Paul Starick, Chief Reporter
30 May 2018
BALI bombing survivor Julian Burton is issuing a final farewell to his burns charity to focus on revolutionary artificial skin technology designed to treat diabetes and end painful skin grafts.
Issuing a thank you note to supporters yesterday, the 2010 South Australian of the Year revealed four charities would share in a final $1 million from the Julian Burton Burns Trust, which has raised almost $20 million during the past 15 years.
Mr Burton, a former Sturt footballer who suffered life-threatening burns in the 2002 Bali terrorist attack, will close the eponymous charity on June 29.
He will work with Royal Adelaide Hospital adult burns unit director and fellow Burns Trust founder Professor John Greenwood — also a former South Australian of the Year — on a biotech company developing world-first artificial skin technology.
The pair also is working with Professor Greenwood’s fellow RAH and Adelaide University specialist Professor Toby Coates, in another biotech start-up testing the artificial skin to transplant specialised cells used in the treatment of type-one diabetes.
Mr Burton said he had been inspired to give something back to those who supported him and the many others affected by the Bali bombing and would be forever humbled by the support for the Burns Trust.
“Together we have raised close to $20 million for the burns community, raised national awareness about burns prevention and first aid, funded much-needed care programs and supported those affected by burn injury across Australia and beyond,” he said in the thank you note.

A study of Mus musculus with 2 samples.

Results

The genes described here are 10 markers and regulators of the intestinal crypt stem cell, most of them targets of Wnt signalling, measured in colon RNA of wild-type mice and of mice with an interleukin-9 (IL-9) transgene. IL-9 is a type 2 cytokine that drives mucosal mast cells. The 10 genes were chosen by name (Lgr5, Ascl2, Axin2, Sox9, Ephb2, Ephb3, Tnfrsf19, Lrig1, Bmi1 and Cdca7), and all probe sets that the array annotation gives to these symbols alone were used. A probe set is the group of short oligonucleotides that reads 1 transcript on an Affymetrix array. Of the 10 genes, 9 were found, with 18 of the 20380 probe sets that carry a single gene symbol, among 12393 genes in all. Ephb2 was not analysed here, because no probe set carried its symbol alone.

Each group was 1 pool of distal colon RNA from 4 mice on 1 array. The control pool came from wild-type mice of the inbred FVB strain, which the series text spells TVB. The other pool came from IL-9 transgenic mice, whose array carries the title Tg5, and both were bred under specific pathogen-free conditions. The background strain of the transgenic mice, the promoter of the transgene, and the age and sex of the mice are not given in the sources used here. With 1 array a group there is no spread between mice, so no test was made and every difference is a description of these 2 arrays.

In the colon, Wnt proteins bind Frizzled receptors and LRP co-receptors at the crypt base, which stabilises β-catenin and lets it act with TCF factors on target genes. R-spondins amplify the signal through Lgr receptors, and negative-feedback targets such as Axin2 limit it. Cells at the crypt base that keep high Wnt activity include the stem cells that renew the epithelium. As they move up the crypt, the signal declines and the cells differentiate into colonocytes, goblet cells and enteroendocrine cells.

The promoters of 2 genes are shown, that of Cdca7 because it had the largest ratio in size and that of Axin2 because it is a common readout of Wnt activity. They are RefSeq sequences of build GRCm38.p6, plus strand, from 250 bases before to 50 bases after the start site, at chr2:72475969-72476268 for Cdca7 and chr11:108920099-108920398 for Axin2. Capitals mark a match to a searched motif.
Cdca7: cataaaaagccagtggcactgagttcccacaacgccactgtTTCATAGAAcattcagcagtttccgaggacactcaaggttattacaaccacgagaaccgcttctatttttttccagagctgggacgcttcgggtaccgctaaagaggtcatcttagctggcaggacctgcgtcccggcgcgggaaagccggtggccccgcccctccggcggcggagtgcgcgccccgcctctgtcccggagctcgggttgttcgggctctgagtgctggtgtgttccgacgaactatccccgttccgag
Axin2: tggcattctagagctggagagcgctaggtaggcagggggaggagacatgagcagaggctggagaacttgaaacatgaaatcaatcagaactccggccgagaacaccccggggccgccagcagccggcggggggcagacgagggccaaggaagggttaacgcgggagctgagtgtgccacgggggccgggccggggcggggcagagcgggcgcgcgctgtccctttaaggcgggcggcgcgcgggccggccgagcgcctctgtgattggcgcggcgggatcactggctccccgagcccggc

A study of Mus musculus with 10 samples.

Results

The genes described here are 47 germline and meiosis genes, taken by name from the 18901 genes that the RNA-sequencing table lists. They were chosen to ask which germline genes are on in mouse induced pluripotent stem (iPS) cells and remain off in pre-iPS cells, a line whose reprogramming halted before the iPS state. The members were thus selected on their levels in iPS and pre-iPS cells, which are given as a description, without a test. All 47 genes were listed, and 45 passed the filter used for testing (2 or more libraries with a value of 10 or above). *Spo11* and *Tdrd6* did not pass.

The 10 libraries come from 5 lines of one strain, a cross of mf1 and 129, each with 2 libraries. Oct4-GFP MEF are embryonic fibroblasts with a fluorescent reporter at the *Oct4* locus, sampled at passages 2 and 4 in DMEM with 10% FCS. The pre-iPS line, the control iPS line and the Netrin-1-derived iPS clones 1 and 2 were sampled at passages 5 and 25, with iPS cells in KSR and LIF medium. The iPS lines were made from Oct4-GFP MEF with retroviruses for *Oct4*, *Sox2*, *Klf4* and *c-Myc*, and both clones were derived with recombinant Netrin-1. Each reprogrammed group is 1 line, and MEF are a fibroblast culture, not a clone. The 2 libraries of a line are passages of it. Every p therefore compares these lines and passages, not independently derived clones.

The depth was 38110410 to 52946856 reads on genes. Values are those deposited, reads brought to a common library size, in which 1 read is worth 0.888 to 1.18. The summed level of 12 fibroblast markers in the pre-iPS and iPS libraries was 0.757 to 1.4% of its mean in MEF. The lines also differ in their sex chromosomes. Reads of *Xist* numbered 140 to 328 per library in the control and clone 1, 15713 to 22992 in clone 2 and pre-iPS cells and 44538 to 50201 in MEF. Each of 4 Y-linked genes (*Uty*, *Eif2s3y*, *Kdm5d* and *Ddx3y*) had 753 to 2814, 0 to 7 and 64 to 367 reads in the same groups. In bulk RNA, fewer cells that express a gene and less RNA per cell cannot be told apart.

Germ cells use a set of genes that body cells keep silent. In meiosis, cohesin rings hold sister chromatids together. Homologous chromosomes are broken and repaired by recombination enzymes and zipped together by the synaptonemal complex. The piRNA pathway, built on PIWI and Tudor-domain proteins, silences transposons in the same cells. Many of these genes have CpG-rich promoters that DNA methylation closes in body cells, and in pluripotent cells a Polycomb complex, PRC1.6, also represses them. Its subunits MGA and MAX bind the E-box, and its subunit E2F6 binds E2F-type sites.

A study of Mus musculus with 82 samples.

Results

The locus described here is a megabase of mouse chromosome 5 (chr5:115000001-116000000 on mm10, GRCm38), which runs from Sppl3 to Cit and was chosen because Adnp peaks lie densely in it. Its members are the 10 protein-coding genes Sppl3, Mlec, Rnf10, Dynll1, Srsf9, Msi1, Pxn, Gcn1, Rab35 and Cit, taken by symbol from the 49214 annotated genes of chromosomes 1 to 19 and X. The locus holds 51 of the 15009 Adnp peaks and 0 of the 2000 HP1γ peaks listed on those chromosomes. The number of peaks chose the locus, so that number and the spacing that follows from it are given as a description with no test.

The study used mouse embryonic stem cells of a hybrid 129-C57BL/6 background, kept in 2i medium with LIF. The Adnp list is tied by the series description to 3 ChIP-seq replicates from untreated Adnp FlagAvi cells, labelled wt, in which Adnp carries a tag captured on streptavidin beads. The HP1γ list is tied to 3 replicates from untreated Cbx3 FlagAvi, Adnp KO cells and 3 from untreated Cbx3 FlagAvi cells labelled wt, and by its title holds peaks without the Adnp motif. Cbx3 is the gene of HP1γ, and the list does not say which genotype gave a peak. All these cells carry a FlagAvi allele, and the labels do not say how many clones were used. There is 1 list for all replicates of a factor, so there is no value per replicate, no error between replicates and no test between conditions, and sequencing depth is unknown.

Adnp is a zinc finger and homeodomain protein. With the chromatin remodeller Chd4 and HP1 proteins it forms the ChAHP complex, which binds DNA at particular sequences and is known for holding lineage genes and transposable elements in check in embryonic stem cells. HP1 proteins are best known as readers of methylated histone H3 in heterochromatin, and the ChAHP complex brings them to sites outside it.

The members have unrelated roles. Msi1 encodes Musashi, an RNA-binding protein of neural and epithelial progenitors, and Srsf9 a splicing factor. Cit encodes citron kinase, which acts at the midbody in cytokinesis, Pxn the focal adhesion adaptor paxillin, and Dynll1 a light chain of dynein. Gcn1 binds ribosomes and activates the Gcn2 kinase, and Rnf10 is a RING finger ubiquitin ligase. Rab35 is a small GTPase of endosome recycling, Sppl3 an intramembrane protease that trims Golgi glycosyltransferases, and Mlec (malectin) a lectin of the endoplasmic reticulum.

The Burns Trust’s prevention, care and support programs will continue, with $1 million being shared by Kidsafe SA, Kidsafe Australia, Burnslife and the Australian and New Zealand Burn Association.
Mr Burton told The Advertiser his new roles in business development would apply his experiences as a burns patient and founder/executive chairman of a charity that grew from a start-up to national prominence.
“To have the opportunity to change the way that burns and type-one diabetes are treated globally is something that I’m very grateful for,” he said.
“We can do something to help people across the world and, at the same time, make a centre of excellence in South Australia.”
The Advertiser last July revealed Mr Burton would close his burns charity and help launch Skin Tissue Engineering, which is developing a product called Composite Cultured Skin, which takes a 10cm by 20cm portion of skin from a patient and grows up to 2.5 square metres in a specially developed bioreactor.